There’s no doubt that the COVID-19 pandemic has caused great upheaval to our businesses, the economy and life as we once knew it. We are beginning to emerge out the other side, with States and Territories relaxing restrictions in a staged approach. As our lives start returning to some type of ‘new normal’, it’s important to realise that many things won’t be exactly the same as they were before. For those people who have a Self-Managed Superannuation Fund (SMSF), depending on the fund circumstances this may extend to the annual audit. In this article, we look at one of the changes coming out of COVID-19 – related party commercial property tenancies.

The Federal Government’s recommendation for tenancies impacted by COVID-19 was for the parties to mutually address the issue. The “Mandatory Code of Conduct for SME Commercial Leasing Principles During COVID-19” was intended as both a safety net and a starting point for those discussions. The Code applies to commercial tenancies that are eligible for the JobKeeper program. In the SMSF environment, this relates to small businesses that experienced a reduction in turnover of at least 30 per cent due to COVID-19. The principles of the Code are requirements for any SMSF related-party tenant that qualifies for the JobKeeper program. For these severely impacted businesses, the code is a mandatory standard of arm’s-length dealing.

Golden rules for the SMSF landlord

  1. Reduction in rent must be proportionate to the negative impact of COVID-19 upon the business, and may take the form of a rent waiver.
  2. A freeze upon all rent increases may apply until the economic situation improves.
  3. Where possible, reduce any unnecessary burden for the tenant.

Golden rule for the related party commercial tenant – there is only one!

  1. Stick to the lease terms, including any specific amendments relating to COVID-19. If the tenant fails the lease conditions, the arrangement may be considered to be not at arm’s length (this is a problem for a fund’s compliance with the superannuation laws).

What is the ATO’s approach going to be?

This is an interesting one, and you would be forgiven for being a bit confused by what you might have seen reported in the media. In the SMSF space, while the ATO have said that they will not “devote compliance resources” to this area for the 2020 and 2021 financial years, it does NOT mean that there is an open book for related party tenants to do whatever takes their fancy.  A lesser-known fact is that the ATO has made it clear to SMSF auditors that there is still an obligation to report breaches of the laws. What this means in practice is that the audit reporting procedures basically won’t change – so depending on the circumstances, audit reports on compliance with the superannuation laws could still be “qualified” where problems are identified. Auditor reporting directly to the ATO (via auditors’ contravention reports) might also be required, depending on the existing reporting thresholds set by the regulator.

What DOES change is that where the breaches are a result of COVID-19, the ATO will not take the matter any further for audits relating to these two financial years.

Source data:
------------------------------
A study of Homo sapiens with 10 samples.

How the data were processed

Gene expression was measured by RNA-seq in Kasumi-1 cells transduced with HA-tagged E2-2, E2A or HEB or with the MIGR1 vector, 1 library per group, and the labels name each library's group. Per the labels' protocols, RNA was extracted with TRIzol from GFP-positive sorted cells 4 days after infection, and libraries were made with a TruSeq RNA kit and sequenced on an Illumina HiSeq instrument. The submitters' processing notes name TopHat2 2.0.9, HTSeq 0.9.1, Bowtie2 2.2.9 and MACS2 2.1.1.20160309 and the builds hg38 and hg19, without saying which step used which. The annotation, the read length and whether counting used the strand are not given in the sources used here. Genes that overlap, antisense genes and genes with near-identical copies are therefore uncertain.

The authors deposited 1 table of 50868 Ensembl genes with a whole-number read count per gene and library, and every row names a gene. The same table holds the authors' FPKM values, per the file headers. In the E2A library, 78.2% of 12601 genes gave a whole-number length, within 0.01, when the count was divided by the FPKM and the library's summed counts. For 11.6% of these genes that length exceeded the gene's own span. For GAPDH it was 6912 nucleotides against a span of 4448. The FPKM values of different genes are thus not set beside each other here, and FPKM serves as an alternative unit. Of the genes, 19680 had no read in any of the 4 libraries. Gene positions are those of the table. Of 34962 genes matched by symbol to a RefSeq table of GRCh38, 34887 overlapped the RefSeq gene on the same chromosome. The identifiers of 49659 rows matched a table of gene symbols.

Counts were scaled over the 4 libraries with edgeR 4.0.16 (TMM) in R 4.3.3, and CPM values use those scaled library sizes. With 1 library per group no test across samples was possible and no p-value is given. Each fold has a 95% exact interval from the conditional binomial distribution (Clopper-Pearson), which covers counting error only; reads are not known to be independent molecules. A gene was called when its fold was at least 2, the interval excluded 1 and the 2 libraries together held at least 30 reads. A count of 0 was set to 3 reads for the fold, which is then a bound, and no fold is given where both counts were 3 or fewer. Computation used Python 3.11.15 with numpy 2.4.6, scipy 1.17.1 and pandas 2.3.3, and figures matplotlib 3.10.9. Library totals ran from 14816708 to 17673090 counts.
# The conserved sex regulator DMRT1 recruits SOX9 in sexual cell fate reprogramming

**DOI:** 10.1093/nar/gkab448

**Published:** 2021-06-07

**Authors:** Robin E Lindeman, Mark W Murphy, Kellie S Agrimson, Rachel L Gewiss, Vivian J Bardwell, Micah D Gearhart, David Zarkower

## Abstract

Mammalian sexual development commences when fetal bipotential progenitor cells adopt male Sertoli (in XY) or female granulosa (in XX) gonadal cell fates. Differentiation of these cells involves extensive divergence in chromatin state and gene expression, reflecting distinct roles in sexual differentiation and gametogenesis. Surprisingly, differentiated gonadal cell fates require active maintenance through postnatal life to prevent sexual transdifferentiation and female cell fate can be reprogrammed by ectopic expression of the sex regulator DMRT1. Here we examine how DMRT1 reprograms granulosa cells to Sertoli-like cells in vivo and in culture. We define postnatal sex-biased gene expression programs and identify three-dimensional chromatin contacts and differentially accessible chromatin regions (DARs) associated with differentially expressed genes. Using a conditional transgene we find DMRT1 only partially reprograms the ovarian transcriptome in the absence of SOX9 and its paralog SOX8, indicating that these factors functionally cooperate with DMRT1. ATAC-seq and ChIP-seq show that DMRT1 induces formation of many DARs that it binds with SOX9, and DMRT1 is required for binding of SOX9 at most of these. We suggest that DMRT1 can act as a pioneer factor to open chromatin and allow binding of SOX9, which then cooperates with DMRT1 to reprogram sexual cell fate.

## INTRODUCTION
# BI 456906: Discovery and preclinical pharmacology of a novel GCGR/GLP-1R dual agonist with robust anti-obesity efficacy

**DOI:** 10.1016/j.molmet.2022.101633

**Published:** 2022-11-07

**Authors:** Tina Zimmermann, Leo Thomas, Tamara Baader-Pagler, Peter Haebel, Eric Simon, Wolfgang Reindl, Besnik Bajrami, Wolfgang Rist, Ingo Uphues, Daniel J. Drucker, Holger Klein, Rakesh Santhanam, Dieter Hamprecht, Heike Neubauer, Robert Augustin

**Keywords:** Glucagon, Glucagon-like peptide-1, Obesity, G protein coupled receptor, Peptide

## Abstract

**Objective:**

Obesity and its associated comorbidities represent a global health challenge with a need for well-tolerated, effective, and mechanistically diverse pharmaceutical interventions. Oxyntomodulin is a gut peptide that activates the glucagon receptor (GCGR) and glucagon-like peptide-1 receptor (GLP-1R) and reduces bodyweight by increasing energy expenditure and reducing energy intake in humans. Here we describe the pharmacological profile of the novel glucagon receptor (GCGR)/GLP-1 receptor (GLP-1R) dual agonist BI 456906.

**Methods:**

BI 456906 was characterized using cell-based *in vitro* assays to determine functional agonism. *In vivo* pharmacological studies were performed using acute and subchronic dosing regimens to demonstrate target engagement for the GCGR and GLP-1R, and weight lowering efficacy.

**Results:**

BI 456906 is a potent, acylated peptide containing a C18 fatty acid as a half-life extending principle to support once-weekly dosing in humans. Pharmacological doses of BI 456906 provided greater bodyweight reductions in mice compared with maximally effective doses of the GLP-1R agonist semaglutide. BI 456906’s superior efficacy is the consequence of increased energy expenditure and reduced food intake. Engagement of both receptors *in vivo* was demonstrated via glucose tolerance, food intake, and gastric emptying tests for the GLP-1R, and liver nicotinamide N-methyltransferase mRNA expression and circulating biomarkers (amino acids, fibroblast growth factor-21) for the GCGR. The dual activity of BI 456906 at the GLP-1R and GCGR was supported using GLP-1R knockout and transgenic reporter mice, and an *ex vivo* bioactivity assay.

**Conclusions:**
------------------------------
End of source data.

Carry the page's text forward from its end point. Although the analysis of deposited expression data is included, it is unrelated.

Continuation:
So what are SMSF auditors required to do for 2020 and 2021 audits?

  1. Form an opinion as to the commerciality of a post-COVID-19-related tenancy – noting that per the Code, the goal posts of commerciality have shifted.
  2. Request sufficient appropriate audit evidence from SMSF trustees to support this opinion. This may include:
    • evidence of tenant eligibility for JobKeeper;
    • evidence of decline in projected turnover;
    • written correspondence between tenant and landlord with requests for proportionate reduction in rent;
    • changes to lease terms compliant with the principles of the Mandatory Code; and
    • evidence that there is a trigger point for a return to ‘normal’ commercial dealings.
  3. If the tenancy is not conducted on commercial terms, recognise a contravention of the arm’s length dealing rules and communicate this to the trustees in the audit management letter.
  4. If the contravention of the arm’s length rule is considered material, qualify the compliance audit report (this formally identifies the non-compliance).
  5. If the contravention is reportable under the regulator’s reporting criteria, report the contravention (and any other contraventions) as usual to the ATO.

This sounds complex!

Yes it is (well, possibly). So how did we get here? The circumstances that have arisen in 2020 were unforeseen. The superannuation laws were enacted in 1993, and were not drafted to work in the current environment.  An unfortunate outcome is that SMSF trustees may find themselves in a situation where there have been unavoidable breaches of other superannuation rules. For example, extending rent relief to a related-party tenant may also be considered to break the rule that prohibits fund trustees from providing indirect financial assistance to members or their relatives. 

So all things considered, it seems that the ATO is making an effort to adopt a common-sense approach, within the guidance of a broader framework. The collateral damage includes the time and effort in gathering the appropriate evidence to make the SMSF audit process as smooth as possible.

Importantly, it’s always worth raising questions with your adviser if you have any doubts.